Oct 26 — Now that the European Union is mandating that every phone sold in its member countries use a certain type of connector if they have a physical charger, Apple has no choice but to add a USB-C port to the iPhone.
At present, the law states that “all mobile phones and tablets” will be required to use a USB-C by autumn of 2024. Apple has not announced whether or not the company will include the connector on phones sold outside of the EU.
An Apple representative has indicated that the company is displeased by being legally coerced into making the switch. Prior to acknowledging that the company must comply with the law, the representative pointed out that Apple has historically preferred to go its own way, trusting its engineers.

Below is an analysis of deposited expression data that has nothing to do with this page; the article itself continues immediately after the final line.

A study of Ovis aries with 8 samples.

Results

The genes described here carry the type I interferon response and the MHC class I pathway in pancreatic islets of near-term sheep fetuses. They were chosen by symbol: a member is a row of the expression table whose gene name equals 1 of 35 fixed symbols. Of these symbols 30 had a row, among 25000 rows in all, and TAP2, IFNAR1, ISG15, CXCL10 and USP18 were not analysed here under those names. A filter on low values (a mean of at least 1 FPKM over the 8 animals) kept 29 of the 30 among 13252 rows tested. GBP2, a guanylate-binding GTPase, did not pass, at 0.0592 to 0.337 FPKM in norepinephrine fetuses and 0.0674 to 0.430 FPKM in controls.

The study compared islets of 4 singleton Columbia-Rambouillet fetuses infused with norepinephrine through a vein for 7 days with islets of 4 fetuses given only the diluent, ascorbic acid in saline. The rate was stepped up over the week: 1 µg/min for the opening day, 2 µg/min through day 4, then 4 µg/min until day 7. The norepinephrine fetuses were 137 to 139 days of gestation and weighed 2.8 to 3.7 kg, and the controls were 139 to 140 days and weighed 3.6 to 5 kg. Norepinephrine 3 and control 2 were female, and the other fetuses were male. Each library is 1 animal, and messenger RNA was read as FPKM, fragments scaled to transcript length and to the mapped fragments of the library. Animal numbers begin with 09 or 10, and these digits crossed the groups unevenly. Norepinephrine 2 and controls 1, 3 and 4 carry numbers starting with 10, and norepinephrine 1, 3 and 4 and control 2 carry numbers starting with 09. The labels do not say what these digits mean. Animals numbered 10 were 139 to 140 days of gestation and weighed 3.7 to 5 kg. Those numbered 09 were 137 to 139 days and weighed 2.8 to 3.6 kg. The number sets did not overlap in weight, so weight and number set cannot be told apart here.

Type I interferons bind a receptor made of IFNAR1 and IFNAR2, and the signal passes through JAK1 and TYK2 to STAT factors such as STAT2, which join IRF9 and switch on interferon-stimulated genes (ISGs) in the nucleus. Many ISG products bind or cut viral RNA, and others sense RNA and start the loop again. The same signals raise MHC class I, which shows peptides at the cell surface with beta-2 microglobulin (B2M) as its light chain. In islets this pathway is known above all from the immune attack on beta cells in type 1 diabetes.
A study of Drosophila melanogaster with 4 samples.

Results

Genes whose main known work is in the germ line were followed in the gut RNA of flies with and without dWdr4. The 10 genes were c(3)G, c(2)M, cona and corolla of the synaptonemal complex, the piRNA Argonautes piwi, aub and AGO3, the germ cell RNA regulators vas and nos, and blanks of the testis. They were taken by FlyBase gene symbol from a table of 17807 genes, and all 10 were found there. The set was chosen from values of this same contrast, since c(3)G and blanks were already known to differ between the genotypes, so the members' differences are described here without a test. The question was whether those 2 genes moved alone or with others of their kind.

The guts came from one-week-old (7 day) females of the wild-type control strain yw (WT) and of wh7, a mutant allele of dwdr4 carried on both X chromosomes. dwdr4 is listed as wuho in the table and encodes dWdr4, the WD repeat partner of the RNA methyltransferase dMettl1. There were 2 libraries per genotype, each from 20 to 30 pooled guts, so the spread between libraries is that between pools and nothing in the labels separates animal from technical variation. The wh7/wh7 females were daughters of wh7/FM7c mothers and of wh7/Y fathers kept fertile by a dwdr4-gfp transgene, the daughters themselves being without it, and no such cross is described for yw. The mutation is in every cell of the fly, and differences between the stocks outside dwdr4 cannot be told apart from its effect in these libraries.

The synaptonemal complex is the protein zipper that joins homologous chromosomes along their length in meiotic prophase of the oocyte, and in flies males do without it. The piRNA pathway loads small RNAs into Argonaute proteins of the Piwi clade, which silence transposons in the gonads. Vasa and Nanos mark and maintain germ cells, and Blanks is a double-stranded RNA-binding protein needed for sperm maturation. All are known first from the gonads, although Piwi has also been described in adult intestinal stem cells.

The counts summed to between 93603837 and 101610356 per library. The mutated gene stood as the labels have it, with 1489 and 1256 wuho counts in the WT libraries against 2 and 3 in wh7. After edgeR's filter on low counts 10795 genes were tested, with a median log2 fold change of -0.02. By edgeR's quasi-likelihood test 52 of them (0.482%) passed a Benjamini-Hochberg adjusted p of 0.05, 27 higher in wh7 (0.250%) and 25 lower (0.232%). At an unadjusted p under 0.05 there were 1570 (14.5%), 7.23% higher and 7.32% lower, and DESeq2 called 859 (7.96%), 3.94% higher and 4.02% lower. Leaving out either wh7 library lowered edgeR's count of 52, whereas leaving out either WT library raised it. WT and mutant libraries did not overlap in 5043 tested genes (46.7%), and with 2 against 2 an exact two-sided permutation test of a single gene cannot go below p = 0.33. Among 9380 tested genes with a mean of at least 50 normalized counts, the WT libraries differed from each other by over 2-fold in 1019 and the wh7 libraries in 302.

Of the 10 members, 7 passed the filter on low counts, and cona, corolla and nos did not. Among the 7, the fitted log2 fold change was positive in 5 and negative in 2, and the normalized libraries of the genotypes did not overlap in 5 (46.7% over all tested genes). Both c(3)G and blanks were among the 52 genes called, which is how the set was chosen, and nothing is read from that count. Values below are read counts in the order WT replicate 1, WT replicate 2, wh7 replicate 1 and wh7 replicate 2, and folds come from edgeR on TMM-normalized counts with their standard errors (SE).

The company would prefer not to adopt hardware standards dictated by lawmakers, citing the examples of Micro USB and hearing aid compliance as situations where Apple has been forced to meet ill-conceived requirements.
At present, Apple’s iPhone relies on the Lightning charger. The iPhone 16 will likely be the first Apple smartphone to sport a USB-C port, although the transition could theoretically start with the iPhone 15, which is to be released next year.
What didn’t arise in the conversation with the Apple representative: A portless iPhone that leverages wireless charging, which is theoretically permissible, according to the existing EU regulations. For now, it appears that the USB-C is the future port for connecting and charging the iPhone.
The environmentally friendly element
EU lawmakers contend that the new legislation will reduce waste, as consumers will no longer need to purchase a new charger every time that they obtain a new device.